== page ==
Macro to create anonymous function to execute quoted expression

Hi folks! I have a situation that requires a macro to avoid evaluation of an expression, but I want to transform it into an anonymous function with the expression as its body. For example:

  defmacro runtime_attribute(key, expression) do
    caller = __CALLER__
    func = fn -> unquote(expression) end # big nope here
    current_scope = pop_scope(caller)
    new_scope = put_attribute(current_scope, key, func)
    push_scope(caller, new_scope)

After execution, new_scope[key].() should return the actual value of the expression. What I’m building essentially mimics Absinthe’s notation for building a GraphQL schema (hence the scopes). I want devs to be able to capture the expression for evaluation at runtime and have it compile into a function ready to execute. Been banging my head on this one for hours, please expand my understanding of macros!


unquote is only valid in a quote context.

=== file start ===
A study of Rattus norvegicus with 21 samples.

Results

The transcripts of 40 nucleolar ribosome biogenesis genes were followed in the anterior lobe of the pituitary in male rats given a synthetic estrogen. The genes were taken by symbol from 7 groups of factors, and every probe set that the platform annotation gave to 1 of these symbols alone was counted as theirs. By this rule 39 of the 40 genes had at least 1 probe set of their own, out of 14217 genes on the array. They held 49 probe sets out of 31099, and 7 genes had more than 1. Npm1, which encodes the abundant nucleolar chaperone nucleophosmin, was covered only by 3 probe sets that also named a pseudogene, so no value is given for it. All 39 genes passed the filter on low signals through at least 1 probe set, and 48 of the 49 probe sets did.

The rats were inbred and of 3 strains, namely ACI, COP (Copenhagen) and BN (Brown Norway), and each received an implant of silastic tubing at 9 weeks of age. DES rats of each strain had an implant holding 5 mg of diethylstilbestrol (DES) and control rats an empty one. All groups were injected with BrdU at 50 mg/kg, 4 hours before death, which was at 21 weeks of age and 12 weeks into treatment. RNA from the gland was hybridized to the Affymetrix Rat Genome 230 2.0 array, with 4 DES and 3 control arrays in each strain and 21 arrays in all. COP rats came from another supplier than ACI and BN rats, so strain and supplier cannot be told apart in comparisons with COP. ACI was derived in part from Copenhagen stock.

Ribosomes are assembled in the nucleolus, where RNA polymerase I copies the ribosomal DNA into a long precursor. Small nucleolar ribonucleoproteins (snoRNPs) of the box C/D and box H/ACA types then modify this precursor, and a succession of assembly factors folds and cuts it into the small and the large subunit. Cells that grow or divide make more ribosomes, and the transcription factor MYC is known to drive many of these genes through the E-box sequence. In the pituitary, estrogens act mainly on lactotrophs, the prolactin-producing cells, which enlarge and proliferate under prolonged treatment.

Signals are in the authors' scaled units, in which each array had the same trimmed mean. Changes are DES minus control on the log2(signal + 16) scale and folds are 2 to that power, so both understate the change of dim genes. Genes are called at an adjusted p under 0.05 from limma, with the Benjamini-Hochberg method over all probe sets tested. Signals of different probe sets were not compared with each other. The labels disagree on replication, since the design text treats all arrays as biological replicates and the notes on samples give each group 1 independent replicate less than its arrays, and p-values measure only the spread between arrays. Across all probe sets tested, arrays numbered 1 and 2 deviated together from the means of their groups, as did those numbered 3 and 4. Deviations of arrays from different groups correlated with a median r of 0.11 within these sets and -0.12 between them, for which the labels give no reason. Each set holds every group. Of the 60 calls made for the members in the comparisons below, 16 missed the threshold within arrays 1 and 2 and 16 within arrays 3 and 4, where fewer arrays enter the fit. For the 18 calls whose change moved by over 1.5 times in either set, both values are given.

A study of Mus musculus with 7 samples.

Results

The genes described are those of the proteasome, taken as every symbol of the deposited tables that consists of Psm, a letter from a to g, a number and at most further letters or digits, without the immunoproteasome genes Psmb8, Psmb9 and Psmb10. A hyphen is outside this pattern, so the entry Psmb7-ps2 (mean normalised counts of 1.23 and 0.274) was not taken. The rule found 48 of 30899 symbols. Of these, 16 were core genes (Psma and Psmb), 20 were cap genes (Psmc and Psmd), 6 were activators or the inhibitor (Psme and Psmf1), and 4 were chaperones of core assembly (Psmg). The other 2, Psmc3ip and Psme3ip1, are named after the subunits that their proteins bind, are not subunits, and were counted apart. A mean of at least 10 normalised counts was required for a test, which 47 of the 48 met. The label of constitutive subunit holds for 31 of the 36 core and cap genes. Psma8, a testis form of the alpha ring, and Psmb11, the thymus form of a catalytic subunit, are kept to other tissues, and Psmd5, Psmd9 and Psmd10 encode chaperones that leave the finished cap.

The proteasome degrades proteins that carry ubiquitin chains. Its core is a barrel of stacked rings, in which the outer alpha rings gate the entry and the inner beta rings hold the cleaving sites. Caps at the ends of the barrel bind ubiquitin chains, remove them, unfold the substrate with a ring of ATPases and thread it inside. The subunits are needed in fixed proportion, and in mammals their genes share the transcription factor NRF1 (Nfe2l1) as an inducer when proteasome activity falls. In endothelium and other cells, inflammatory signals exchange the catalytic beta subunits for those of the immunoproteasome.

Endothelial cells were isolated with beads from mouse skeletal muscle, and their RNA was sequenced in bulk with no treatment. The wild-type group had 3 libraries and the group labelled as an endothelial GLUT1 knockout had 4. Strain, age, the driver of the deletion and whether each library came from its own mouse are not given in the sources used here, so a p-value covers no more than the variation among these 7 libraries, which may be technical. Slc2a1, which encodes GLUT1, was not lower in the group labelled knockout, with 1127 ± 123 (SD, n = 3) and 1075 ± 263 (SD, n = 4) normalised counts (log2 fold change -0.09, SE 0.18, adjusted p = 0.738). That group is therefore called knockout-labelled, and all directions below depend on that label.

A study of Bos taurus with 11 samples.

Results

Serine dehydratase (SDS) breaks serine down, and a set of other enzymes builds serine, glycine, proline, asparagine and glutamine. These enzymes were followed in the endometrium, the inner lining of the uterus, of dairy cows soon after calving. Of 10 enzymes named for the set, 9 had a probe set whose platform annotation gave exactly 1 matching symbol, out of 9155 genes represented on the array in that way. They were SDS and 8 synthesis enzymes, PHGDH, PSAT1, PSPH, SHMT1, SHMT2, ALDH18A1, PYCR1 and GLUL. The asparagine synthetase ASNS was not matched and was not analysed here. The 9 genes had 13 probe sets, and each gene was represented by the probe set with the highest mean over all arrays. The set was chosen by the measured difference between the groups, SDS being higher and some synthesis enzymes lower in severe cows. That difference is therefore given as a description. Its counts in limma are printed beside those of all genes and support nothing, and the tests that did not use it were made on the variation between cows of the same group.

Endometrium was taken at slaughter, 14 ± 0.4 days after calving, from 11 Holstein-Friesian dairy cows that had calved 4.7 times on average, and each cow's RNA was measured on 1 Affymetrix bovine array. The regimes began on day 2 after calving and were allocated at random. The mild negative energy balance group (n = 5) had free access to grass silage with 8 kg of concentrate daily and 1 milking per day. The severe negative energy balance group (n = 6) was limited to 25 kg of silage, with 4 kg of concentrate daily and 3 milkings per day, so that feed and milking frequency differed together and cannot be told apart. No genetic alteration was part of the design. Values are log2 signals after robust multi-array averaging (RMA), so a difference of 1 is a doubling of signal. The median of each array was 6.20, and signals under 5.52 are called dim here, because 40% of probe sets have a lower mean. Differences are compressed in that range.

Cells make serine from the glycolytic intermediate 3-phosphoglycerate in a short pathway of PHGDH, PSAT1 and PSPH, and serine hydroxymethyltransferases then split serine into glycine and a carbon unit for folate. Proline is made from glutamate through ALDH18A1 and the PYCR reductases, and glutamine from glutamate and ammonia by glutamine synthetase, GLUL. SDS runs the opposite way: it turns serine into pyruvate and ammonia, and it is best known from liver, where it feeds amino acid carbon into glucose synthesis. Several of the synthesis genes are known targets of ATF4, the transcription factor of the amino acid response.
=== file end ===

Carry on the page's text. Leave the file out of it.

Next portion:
I think you might be confusing compile-time execution (the code in the macro body outside of a quote block) and runtime execution (the AST returned from the macro, usually from a quote block.

1 Like

Here’s a simple and incomplete example:

The macro module

defmodule MyMacros do
  defmacro anon(_key, expression) do
    quote do
      fn -> unquote(expression) end

The consumer module

defmodule Expr do
  require MyMacros

  def my_fun do
    anon_fun = MyMacros.anon(:key, 1 + 1)

Example execution

iex> Expr.my_fun()

Hey kip,

Thanks for the response! I think I finally wrapped my head around the differences between compile-time and run-time execution. Here I think what I was struggling with was the idea that a macro expanded in the body of another macro (outside a quote block) will still have its return value AST injected into the current execution, similar to your example. Turned out in the end this wasn’t actually what I needed to do to begin with haha. I managed to get the expression AST injected in the proper place to accomplish the runtime execution I wanted, and didn’t even have to wrap it in a function, huzzah. Thanks again for the time.